MINISTRY OF ECONOMIC DEVELOPMENT SEEKS PUBLIC COMMENT ON REVISED PRICE DISCRIMINATION AND BUYER POWER REGULATIONS

Monday, October 14, 2019
  • SHARE THIS ARTICLE

The Ministry of Economic Development has invited public comment on the revised Price Discrimination and Buyer Power Regulations (the revised Regulations) to the Competition Act 89 of 1998 (the Act). The revised Regulations were published on 10 October 2019.

Written submissions can be made to Ms Linda Herbst at the Department of Economic Development by 6 November 2019 and can be sent by e-mail to competitionregulations@economic.gov.za

The revised Regulations replace the draft regulations that were published for comment in December 2018. 

Price Discrimination Regulations

The revised Regulations dealing with Price Discrimination (Price Discrimination Regulations) apply to a designated class, being small or medium-sized businesses as defined in section 1 of the Act or any regulations made by the Minister of Economic Development; or alternatively, to firms controlled or owned by historically disadvantaged persons purchasing less than 20% of the relevant products or services supplied by a dominant seller (Designated Class in the Price Discrimination Regulations).

The factors and benchmarks for determining whether price discrimination is likely to impede effective participation by the Designated Class in the Price Discrimination Regulations include the following:

  1. The extent of the difference in respect of price or other factors outlined in section 9(1)(c) of the Act relative to other purchasers in the same or adjacent downstream markets;
  2. The significance of the input in the cost structure of production or as a driver of sales in the downstream market;
  3. The duration and timing of the price differential;
  4. The likelihood that the elimination of the differential would result in the Designated Class in the Price Discrimination Regulations facing increased demand for its goods or services in the downstream market; and
  5. The likelihood that the elimination of the differential would improve profitability and investment for the firm in the Designated Class in the Price Discrimination Regulations.

Buyer Power Regulations

The revised Regulations dealing with Buyer Power apply to a designated class, being small or medium-sized businesses as defined in section 1 of the Act or any regulations made by the Minister of Economic Development; or alternatively, to firms controlled or owned by historically disadvantaged persons who supply 20% or less of the purchases of the dominant buyer for the relevant goods or services (Designated Class in the Buyer Power Regulations).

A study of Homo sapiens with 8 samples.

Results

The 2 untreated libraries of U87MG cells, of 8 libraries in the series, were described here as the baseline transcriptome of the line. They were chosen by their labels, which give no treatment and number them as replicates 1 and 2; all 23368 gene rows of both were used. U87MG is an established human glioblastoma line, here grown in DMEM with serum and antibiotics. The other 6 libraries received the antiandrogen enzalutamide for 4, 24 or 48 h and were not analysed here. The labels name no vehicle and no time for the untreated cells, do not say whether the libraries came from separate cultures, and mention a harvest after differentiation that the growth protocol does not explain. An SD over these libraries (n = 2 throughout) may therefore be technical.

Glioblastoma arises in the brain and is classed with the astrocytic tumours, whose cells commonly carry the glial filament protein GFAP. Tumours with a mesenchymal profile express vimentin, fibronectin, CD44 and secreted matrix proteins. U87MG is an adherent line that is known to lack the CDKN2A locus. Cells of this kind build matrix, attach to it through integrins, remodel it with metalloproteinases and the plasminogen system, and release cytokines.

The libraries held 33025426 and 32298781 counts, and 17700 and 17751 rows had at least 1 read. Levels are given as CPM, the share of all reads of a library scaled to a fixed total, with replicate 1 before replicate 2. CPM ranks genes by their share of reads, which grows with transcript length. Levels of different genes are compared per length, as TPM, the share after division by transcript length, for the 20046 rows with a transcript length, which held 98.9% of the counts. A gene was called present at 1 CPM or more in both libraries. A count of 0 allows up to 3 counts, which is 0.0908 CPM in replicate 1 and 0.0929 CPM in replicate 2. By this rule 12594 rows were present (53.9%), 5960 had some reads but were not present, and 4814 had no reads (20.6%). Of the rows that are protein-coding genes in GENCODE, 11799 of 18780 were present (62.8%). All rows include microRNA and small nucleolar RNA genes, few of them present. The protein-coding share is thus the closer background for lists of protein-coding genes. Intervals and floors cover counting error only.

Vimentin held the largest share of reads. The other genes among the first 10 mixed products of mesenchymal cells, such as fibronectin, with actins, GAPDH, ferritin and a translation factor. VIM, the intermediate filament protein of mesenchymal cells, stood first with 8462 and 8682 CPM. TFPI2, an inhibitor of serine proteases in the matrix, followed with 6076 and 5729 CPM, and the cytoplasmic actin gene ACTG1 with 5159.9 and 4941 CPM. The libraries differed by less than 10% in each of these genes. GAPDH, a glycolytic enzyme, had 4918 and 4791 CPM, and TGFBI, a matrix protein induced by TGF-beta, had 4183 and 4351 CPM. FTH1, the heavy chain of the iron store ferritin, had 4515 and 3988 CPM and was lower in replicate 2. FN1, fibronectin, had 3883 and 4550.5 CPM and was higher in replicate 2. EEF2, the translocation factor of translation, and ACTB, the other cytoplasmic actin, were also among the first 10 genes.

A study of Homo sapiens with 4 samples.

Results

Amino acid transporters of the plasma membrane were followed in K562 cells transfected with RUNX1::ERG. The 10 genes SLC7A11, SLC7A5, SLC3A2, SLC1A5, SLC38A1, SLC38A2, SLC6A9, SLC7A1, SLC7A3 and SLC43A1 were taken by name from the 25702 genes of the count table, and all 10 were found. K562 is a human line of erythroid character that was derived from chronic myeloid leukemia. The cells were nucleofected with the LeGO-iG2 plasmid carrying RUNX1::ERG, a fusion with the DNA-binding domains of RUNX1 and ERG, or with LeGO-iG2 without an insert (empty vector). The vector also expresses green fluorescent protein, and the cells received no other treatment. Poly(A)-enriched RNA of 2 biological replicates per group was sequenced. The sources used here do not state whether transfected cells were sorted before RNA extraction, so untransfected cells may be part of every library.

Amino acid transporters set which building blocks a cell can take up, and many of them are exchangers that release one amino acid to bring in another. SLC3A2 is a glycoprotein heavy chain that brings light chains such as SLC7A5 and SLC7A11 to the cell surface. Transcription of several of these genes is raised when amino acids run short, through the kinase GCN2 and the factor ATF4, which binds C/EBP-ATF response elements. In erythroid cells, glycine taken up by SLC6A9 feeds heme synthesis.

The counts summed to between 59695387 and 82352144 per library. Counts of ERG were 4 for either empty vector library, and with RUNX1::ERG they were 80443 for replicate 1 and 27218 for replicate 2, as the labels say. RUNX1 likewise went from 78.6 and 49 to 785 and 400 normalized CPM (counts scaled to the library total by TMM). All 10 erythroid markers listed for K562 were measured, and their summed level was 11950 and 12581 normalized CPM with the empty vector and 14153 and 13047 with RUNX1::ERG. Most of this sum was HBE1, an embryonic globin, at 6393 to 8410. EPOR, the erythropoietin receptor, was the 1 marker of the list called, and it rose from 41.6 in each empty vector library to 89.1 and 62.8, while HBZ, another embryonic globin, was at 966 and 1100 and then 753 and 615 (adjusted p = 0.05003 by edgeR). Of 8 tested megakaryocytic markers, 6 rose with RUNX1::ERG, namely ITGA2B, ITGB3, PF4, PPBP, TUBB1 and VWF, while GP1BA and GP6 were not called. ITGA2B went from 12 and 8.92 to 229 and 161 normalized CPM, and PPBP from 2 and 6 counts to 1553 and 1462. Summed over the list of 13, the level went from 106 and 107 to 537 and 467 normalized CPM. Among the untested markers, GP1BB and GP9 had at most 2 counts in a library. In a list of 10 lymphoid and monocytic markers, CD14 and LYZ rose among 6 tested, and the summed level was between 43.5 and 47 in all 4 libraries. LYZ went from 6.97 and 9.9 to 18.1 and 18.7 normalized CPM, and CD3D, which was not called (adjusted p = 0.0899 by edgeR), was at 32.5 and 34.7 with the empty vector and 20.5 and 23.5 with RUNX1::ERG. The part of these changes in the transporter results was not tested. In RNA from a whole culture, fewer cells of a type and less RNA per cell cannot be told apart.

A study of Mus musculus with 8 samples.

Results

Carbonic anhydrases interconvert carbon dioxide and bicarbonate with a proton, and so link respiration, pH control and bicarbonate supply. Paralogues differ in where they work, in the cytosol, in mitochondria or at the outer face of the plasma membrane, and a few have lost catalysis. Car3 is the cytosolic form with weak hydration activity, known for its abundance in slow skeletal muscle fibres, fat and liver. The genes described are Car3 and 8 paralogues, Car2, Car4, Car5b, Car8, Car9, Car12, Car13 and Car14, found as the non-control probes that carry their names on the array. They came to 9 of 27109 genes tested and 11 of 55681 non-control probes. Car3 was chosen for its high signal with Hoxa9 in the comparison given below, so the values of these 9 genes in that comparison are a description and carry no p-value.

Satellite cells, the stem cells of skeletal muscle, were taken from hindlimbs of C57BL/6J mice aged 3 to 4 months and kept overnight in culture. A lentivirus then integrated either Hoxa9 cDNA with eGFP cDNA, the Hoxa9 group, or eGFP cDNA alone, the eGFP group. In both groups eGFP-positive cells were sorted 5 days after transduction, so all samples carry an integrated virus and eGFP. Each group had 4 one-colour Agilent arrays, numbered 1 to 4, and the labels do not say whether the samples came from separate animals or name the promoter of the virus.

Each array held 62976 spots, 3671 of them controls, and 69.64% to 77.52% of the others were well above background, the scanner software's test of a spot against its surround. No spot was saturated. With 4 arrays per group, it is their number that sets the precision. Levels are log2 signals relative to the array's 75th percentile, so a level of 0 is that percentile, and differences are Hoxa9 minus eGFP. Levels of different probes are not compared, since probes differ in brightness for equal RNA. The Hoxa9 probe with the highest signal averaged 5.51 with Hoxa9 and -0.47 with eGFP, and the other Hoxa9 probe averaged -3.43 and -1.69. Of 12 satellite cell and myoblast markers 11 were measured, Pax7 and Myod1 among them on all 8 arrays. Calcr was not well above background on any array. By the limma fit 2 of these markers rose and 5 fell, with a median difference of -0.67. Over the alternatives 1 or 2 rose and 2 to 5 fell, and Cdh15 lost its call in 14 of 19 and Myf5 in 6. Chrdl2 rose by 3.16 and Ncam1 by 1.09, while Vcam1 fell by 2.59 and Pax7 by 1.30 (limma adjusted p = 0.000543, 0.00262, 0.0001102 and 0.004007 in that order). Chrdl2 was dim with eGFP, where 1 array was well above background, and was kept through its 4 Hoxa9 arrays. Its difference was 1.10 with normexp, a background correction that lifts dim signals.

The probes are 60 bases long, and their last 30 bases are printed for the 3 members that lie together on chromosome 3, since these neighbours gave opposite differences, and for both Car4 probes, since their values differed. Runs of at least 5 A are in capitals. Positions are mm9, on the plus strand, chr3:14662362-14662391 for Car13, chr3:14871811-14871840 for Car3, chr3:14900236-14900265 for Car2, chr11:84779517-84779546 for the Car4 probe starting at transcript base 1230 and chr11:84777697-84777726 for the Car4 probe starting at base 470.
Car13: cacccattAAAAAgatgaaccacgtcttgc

The factors determining the unfairness of a specific price include, but are not limited to, the following:

  1. The price paid to other suppliers of like goods or services, in particular those outside the Designated Class in the Buyer Power Regulations, and whether such prices are higher;
  2. The magnitude of any differences in prices to other suppliers of like products or services;
  3. Whether reductions in the purchasing price are directly or indirectly required from or imposed;
  4. Whether reductions are retrospective and /or unilateral and /or unreasonable;
  5. Whether costs are directly or indirectly imposed on or required from the supplier which reduce the net price received; or
  6. Whether the direct or indirect imposition or requirement of costs is retrospective and /or unilateral and /or unreasonable.

A trading condition that may be deemed unfair includes, but is not limited to, the following:

  1. A trading condition unreasonably transferring risks or costs onto a supplier in the Designated Class in the Buyer Power Regulations;
  2. A trading condition being one-sided, onerous or not proportionate to the objective of the clause (such as unduly long payment terms); or
  3. A trading condition bearing no reasonable relation to the objective of the supply agreement.

In addition to the Designated Class in the Buyer Power Regulations, the Buyer Power Regulations only apply to the grocery retail sector, agro-processing sector and the online intermediation services sector.